When TSB relaunched in 2013, it sold the dream of a return to good old fashioned local banking, since then it has announced the closure of all but 220 branches

‘Welcome back to local banking’. When TSB returned with great fanfare in autumn 2013 that was the message it trumpeted.

The bank being newly spun back out of Lloyds banged that local banking drum all over the place.

Branches were wrapped in giant banners, chief executive Peter Pester sprinkled the phrase about in every interview he did, and a cartoon advert hit TV screens and even cinemas.

This sentimental little number told how in 1810, the Reverend Henry Duncan ‘built a bank whose sole purpose was to help hard working local people’ and it showed a journey through the years, with an animated history of how Britain’s industry and towns grew up.

Splashed through the video were mentions of things like ‘serving the community’ and at the end, after hard times had fallen, new hope was delivered by the discovery of that long, lost bank branch by a little girl.

The end line? Of course, it was that slogan: ‘Welcome back to local banking’.

You can imagine that any customers or small businesses who fell for the marketing and signed up to TSB for that pledge of local banking will have been mightily annoyed in recent years.

The self-styled champion of local banking has been busy shutting branches and this week announced the closure of another 70.

In September 2013, when I went to TSB’s media launch to be sold the local banking dream, Mr Pester and his fellow executives were very keen to tell us about its 631 branches across the country.

Here was a ‘challenger’ bank – a term we somewhat disputed considering its heft and age of 203 – that was really different, claimed TSB.

It wasn’t just one of these new digital-only banks. It had people, making decisions for local communities, in real-life branches.

How many of those 631 branches do you think are left?

After this latest round of closures, it will be just 220.

Of course, banks closing branches is nothing new. One of the things that made TSB’s posturing stand out in 2013 was that it was doing the local branch routine in the face of lots of banks already shutting their doors.

Look down TSB’s list of branch closures, or those of its big rivals, Lloyds, Halifax, Barclays, Santander etc and you start to notice something though.

It’s not just the smaller, out of the way, or less affluent places that are losing bank branches hand over fist 

It’s not just the smaller, out of the way, or less affluent places that are losing bank branches hand over fist. The closures are now hitting well-off towns and cities, where customers probably thought they’d always have their bank.

Think St Albans, Chipping Norton, Hitchin, Ilkley, Wilmslow, Tunbridge Wells, which all feature on TSB’s 2020 to 2022 closures.

Now I must admit that bank branch closures are not something that particularly irk me on a personal level.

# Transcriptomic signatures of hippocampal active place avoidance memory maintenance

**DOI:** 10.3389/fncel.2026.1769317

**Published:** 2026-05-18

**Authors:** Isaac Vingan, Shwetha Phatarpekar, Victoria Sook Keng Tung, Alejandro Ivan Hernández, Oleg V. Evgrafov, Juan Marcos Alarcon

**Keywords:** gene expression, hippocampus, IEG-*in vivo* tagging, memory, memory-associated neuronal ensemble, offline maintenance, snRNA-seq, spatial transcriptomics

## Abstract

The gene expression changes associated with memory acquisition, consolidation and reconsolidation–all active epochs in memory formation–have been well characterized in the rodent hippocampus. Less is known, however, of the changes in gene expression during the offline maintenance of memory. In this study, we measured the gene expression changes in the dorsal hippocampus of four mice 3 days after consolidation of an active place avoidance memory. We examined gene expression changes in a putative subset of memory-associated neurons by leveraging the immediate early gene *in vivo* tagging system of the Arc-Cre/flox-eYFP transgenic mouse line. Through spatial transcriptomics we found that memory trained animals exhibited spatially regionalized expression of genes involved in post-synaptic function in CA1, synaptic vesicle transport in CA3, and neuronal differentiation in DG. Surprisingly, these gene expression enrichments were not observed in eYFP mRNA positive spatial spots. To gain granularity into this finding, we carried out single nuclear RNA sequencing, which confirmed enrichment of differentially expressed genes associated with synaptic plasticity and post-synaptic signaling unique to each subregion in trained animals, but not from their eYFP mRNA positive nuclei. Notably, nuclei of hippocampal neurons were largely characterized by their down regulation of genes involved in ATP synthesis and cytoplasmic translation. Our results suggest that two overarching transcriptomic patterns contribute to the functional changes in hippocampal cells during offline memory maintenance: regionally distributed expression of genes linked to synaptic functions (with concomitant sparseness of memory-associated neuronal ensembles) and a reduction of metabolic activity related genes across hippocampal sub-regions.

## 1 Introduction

I’m sure many readers will share my desire to avoid having to go into the bank at all costs. If I can do it online or via the app, I will.

Partly, this is down to the apparently ‘improved’ experiences that our banks have offered us in branch over the years.

Typically, this consists of walls of machines in a huge empty space, with some staff who can’t actually help you directing you back to the machines you didn’t want to use, and a long queue for the one or two cashiers who could help you.

There may also be some chairs where you can wait for 45 minutes for some precious time with the ‘people who sit behind computers’ at their divided off desks.

Covid has helpfully introduced an extra bank torment – reduced opening hours.

If you are really lucky you get bank branch bingo: entry after a queue outside, on your second trip there as it was shut first time, a machine that doesn’t work, a line for a cashier who can’t help, and then a half hour wait to get into Dividerland to speak to one of the people behind a computer.

Faced with this, it’s little surprise that many are a bit apathetic about branch closures.

TSB even wrapped its branches in giant banners selling local banking

TSB even wrapped its branches in giant banners selling local banking

But TSB was right back in 2013, local banking at branches matters.

Some cannot do their banking online, or do not want to, so they are important for older people, the non-digitally savvy, and small businesses.

But branches also have something very important in banking for the economy: local knowledge.

This was highlighted in the wake of the financial crisis to great effect by businessman and friend of This is Money, Dave Fishwick, with his Bank of Dave book and TV series about trying to start a local bank to help the people and businesses of Burnley.

It showed how in the rush to big banking, we’d lost that vital local knowledge that can help grassroots entrepreneurialism.

However, for all its great claims, TSB got quite grumpy with me eight years ago when I asked the inconvenient question of where lending decisions would be made for small businesses.

Because the answer was centrally, not locally. We wrote about that, pointing out how those with local knowledge were likely to have a better idea of whether a small business or entrepreneur would succeed and should get that all-important loan.

Speak to the banks and they’ll tell you that they are only responding to customer demand – and their clever technology and smart centralised teams can assess local small businesses and get money to them.

You can’t help but feel that in terms of helping the economy, we’re missing a trick here though.